NORAD’s Military Background
As people who spend a lot of time thinking about time, tracking time, and talking about time, we’ve been curious. Have you ever thought about how Santa has the time to travel around the entire Earth in a single night? You can follow his exact trajectory, in real time, with a handy little system called the NORAD Santa Tracker. We got to wondering about how this entity works or how it even came to be. Was it just a bunch of inquisitive, time-obsessed folks like us? Or was it something more?
The North American Aerospace Defense Command (NORAD) is a military program formed in 1954. President Eisenhower established the organization to provide early warning of an air attack on North America. In December 1955, U.S. Airforce Colonel Harry Shoup was at the helm NORAD. He had two phones on his desk, one that was red. Only a four-star general at the Pentagon had the number to that red phone – along with every child in the country who had a certain Sears ad.
An Unlikely Role in Christmas
You see, in December 1955, the phone number of NORAD’s secret hotline ended up in a Sears circular. It was all because of a typo. The newspaper blurb encouraged children to contact Santa at the number, and calls started coming in. When the red phone first rang at the desk of Colonel Shoup, he feared the worst. The country was in the midst of the Cold War, and Soviet jets regularly flew uncomfortably close to Alaskan airspace. Was the country on the brink of a nuclear attack? Not hardly. On the other end was merely a voice asking if this was Santa Claus. At first, Colonel Shoup thought it was a very unfunny prank, but then the child began to cry. So, he played along, and ultimately asked to speak to the child’s mother who referred him to the ad.
Soon, children were calling one after the other. NORAD decided to post a few employees on the phones and instructed them to act like Santa Claus. Over the course of the month, the jokes around the headquarters grew and grew. On Christmas Eve, Colonel Shoup came in to the operations center to deliver cookies to those working on the holiday. There, he found a drawing of Santa’s sleigh and reindeer flying over the North Pole on the map. At this point, the once-stern and stoic colonel had given into the jest. Now, he was about to up the ante. He called into a local radio station reporting an unidentified flying object on their radar that looked like a sleigh. Soon, radio stations were calling him back, asking for updates on Santa’s journey. It was then, on December 24, 1955 that a brand new Christmas tradition was born.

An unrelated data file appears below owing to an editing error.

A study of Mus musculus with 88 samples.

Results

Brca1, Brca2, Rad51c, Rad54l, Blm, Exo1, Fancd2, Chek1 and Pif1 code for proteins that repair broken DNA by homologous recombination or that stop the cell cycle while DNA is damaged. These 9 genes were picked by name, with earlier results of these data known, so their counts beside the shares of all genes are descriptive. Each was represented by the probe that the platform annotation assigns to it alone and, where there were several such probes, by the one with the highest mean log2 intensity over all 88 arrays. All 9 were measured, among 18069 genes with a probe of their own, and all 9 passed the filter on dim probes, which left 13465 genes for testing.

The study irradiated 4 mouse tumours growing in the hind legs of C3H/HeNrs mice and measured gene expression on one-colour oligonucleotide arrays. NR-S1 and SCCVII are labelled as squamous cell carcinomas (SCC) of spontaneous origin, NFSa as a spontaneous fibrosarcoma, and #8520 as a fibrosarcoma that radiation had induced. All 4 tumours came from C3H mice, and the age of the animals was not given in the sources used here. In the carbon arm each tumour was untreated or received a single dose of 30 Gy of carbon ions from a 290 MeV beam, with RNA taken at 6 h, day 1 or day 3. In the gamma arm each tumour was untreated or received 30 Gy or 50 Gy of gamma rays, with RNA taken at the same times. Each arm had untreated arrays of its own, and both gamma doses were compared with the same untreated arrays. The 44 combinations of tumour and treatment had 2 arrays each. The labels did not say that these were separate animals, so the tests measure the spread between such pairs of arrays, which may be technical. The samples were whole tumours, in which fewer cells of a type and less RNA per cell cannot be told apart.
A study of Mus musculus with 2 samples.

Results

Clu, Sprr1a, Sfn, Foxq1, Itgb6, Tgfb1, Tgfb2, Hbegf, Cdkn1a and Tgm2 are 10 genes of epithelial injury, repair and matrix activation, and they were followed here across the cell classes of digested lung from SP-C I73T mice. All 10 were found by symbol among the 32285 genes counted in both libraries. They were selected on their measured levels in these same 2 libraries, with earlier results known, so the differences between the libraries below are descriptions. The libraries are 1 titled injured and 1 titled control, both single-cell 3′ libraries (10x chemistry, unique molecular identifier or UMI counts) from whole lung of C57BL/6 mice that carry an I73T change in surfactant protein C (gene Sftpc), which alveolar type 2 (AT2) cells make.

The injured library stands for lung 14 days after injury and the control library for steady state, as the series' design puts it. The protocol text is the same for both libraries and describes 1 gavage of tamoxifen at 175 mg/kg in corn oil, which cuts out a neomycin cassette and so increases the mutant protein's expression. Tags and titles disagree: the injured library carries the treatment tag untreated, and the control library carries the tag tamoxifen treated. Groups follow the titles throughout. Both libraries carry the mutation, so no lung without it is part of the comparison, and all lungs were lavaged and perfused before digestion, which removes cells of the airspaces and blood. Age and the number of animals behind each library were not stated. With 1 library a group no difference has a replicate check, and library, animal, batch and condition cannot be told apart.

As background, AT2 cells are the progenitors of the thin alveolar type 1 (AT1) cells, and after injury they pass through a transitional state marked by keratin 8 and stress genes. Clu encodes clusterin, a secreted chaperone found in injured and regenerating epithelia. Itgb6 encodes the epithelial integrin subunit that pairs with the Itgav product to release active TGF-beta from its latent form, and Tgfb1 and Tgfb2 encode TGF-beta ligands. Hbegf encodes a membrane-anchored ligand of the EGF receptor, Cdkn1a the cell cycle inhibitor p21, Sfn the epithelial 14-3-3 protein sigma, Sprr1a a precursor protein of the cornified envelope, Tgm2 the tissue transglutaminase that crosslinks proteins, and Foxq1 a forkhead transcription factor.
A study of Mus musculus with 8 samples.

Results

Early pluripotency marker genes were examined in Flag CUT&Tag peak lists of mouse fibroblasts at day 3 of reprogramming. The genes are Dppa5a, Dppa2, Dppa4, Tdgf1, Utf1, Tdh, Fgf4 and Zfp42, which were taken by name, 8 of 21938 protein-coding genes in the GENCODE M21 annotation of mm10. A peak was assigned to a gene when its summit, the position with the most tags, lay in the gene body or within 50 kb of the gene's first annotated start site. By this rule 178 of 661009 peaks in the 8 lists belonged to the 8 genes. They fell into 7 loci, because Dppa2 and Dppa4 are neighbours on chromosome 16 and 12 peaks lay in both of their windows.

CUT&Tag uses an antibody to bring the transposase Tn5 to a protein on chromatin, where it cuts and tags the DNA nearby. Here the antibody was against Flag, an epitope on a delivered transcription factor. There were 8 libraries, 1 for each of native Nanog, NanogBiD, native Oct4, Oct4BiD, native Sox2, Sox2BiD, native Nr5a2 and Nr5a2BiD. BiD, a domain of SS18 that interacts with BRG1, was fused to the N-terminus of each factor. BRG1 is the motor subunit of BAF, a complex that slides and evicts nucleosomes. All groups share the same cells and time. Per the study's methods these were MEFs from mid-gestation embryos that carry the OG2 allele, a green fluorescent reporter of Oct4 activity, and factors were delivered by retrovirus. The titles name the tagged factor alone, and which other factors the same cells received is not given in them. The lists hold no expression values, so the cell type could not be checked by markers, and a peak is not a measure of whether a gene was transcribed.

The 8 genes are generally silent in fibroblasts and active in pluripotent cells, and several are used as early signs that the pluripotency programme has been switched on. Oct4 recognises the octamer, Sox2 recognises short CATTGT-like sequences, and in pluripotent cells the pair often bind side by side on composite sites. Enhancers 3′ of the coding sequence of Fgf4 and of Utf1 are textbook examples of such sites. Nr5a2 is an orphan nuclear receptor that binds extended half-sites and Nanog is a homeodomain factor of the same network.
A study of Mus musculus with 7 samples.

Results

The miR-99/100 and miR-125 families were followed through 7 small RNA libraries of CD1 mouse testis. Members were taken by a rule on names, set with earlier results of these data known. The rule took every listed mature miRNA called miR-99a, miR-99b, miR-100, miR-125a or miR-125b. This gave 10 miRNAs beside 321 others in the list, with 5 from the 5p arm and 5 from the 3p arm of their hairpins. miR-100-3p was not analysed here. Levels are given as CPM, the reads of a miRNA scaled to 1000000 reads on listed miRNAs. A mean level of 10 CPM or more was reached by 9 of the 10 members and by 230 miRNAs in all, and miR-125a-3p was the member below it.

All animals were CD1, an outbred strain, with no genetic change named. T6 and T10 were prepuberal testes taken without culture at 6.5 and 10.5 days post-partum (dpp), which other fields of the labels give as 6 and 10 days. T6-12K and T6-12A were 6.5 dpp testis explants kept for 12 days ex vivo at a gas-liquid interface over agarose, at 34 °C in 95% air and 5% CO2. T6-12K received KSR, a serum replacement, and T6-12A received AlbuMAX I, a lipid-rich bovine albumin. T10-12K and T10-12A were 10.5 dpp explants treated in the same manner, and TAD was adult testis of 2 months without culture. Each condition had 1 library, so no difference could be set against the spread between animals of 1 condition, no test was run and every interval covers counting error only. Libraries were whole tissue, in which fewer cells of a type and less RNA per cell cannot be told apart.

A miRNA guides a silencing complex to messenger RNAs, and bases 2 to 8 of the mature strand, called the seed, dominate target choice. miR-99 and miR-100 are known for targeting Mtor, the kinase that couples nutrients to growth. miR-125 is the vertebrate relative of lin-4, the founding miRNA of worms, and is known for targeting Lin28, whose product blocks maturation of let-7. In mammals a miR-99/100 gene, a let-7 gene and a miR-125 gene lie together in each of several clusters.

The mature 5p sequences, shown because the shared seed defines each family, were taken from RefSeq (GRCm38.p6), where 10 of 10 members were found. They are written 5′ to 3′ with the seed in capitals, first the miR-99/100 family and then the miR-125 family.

Santa Tracking Improvements through the Decades
Each year since, NORAD’s Santa tracking operation has grown. In the 1960’s, the organization would mail vinyl records to radio stations with pre-recorded updates on Santa’s journey. In the 1970’s, NORAD started making TV commercials. Finally, in the 1990’s, they officially moved Santa’s tracking to the web.
In 1997, Analytical Graphics, Inc. helped build a map of Santa’s journey for NORAD to host online. Then, in 2012, they partnered with Cesium and Bing Maps. They created an all-new 3D web map to display Santa’s location around the globe. The magic of the map is in Cesium’s programming language, CZML, which illustrates time-dynamic 3D scenes. NORAD provides the latest information about Santa’s location. Then, Cesium’s code streams the data onto the tracking map, which uses Bing satellite imagery. This new technology allows children to see Santa’s current position in the air along with global terrain. Santa’s previously visited locations are also marked along with videos of Old St. Nick and further reading about the area. The experience is both immersive and interactive, all in real-time.
Within this experience, they are able to time Santa’s deliveries with infinite accuracy. At any moment you can log in, and track to the second how long he is spending in each place in order to make it around the world.
NORAD’s Holiday Impact Today
Today, there are a number of ways you – along with nearly nine million other people from more than 200 countries – can track Santa’s real-time progress. You can download the program’s official app, follow them on social media, or visit their official website. Plus, as of 2017, you can ask Alexa for Santa’s location using an Amazon Echo. And, if you were wondering, children can still call NORAD to speak directly to Santa, or email him as well. Each year, hundreds of volunteers join alongside NORAD employees to field tens of thousands of calls.